1 December 2017

Namibia: Walvis Bay's Florence Nightingale

A retired nurse of Walvis Bay has embarked on a mission to help promote healthcare and prevent diseases in Namibia.

Seventy-year-old Hillie de Koker started her nursing career in 1967 at Walvis Bay and later moved to South Africa after marriage. De Koker, who has 50 years' experience in nursing, returned to Namibia permanently earlier this year.

Upon her return, she realised the need in communities to have caregivers nursing the elderly, sick, mentally ill, physically handicapped as well as those living with HIV-AIDS.

She decided to start the D'Expert Health Care Centre in June this year.

"I got a house at Walvis Bay and started recruiting young people who had nothing to do. I found young people of different ages, including, those who could not complete their secondary education, as well as those with a passion for nursing but never had a chance to go for tertiary education," she said of her two-month course.

Older people also enrolled to get experience on how to take care of their own families.

Some of her students include those working in fishing factories who dream of leaving the sector for nursing. They usually start classes straight after work.

The nursing assistant course that De Koker offers provides trainees with the necessary knowledge and practical techniques for caregiving. Assistants work under the supervision of an enrolled or registered nurse within the applicable scope of practice.

"Our goal is to work in collaboration with other healthcare organisations such as hospitals, nursing homes, home nursing services, mental and physical disabled institutes by providing them qualified nursing assistants.

"Therefore, we empower the underprivileged, motivate those who seek developmental skills and render quality service to the community through our action of providing this ancillary healthcare course," De Koker explained.

De Koker currently trains 20 people per session, one session in the morning and another in the afternoon five days a week.

She said it would have been possible to train more if a bigger place was available.

"I just use my house for training. It is not big enough to train more than 20 people per session. Many young people come to seek for places, but unfortunately, only 20 places are available. I would love to have a bigger place and eventually take in old people that can be taken care of here," she said.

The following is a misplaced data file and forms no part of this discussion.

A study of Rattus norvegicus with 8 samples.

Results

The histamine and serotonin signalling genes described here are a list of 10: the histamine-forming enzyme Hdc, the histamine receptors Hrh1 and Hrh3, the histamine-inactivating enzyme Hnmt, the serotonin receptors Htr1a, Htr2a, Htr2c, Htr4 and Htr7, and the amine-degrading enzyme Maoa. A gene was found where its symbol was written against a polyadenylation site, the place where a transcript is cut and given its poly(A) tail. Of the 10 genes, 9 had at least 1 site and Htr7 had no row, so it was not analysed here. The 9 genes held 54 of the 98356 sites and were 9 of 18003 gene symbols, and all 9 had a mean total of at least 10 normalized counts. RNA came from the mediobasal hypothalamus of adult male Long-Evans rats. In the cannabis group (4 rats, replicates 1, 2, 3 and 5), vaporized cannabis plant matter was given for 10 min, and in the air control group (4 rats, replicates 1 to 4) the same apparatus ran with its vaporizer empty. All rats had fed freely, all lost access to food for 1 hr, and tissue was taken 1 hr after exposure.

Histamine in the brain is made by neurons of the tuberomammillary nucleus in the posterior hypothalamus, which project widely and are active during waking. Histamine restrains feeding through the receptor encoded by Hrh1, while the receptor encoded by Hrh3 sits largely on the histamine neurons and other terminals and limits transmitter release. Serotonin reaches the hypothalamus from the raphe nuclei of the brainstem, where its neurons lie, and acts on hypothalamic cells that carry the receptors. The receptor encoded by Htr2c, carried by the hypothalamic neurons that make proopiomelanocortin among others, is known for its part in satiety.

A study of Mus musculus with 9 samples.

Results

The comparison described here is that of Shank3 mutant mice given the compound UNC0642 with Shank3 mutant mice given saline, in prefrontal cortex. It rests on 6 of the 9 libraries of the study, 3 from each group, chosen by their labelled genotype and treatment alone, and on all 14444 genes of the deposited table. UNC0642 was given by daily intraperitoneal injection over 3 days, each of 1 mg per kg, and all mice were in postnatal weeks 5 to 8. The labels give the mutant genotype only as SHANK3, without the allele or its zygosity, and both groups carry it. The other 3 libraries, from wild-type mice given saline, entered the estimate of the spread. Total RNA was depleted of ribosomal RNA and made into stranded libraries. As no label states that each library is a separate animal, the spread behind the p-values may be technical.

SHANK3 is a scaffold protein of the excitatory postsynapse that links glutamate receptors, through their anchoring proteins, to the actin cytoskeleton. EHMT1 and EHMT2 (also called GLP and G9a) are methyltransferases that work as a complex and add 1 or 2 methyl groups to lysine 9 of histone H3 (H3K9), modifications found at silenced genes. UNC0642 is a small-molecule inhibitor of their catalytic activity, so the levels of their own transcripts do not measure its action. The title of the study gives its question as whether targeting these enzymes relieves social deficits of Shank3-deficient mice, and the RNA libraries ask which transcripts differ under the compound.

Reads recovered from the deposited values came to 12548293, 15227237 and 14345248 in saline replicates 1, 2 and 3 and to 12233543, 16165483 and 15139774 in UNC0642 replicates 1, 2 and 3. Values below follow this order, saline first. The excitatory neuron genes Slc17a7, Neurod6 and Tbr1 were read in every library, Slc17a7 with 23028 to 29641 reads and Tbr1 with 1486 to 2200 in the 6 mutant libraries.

She encouraged young people to start thinking about taking up a career in nursing, adding that most of them had discovered it was their passion after training.

She is also happy that more men are enrolling for the course and do not think it is only for women.

Geraldo Stephanus (22), a student nurse, says he has already learned a lot this month.

"I am satisfied with the course because I have found my direction in life. Sometimes you don't know what your purpose is until you try something. I now have an idea of what to do in certain cases," he said.

"I am glad to have learnt about diseases, especially those that afflict the elderly and people who are in bed or wheelchairs because of accidents.

"I recently got a job to take care of an MVA patient and one that involves bathing and taking care of elders. I am eager to learn even more and eventually pursue a career in nursing," said Ivondia Ujaha.

The centre has already trained 271 caregivers, with nine currently employed permanently at Ondangwa and Rundu private hospitals and private homes.

"We have a special uniform we bought in South Africa. These uniforms are different from nurses' uniforms because the trainees are not nurses.

"They are caregivers. This uniform is unique because it is a friendly uniform. It means that they can be identified as caregivers," said De Koker.

Apart from a registration fee of N$400, students pay N$800 per month for two months of training.

Trainees are also sent for job attachments in different parts of the country including Outapi, Ondangwa, Rundu, Onaena, Ongwediva, Rehoboth and Lüderitz, among others.

At the end of the two months' course, assistants can take and chart a patient's temperature, monitor pulse and respiration.

They can also handle a patient in bed by positioning, bathing, lifting and turning, care of pressure areas, use of a bedpan, prepare meals and feed the patients.

They are also trained in first aid.

Some classes are also offered in Windhoek. The course is registered and recognised by the Namibian government.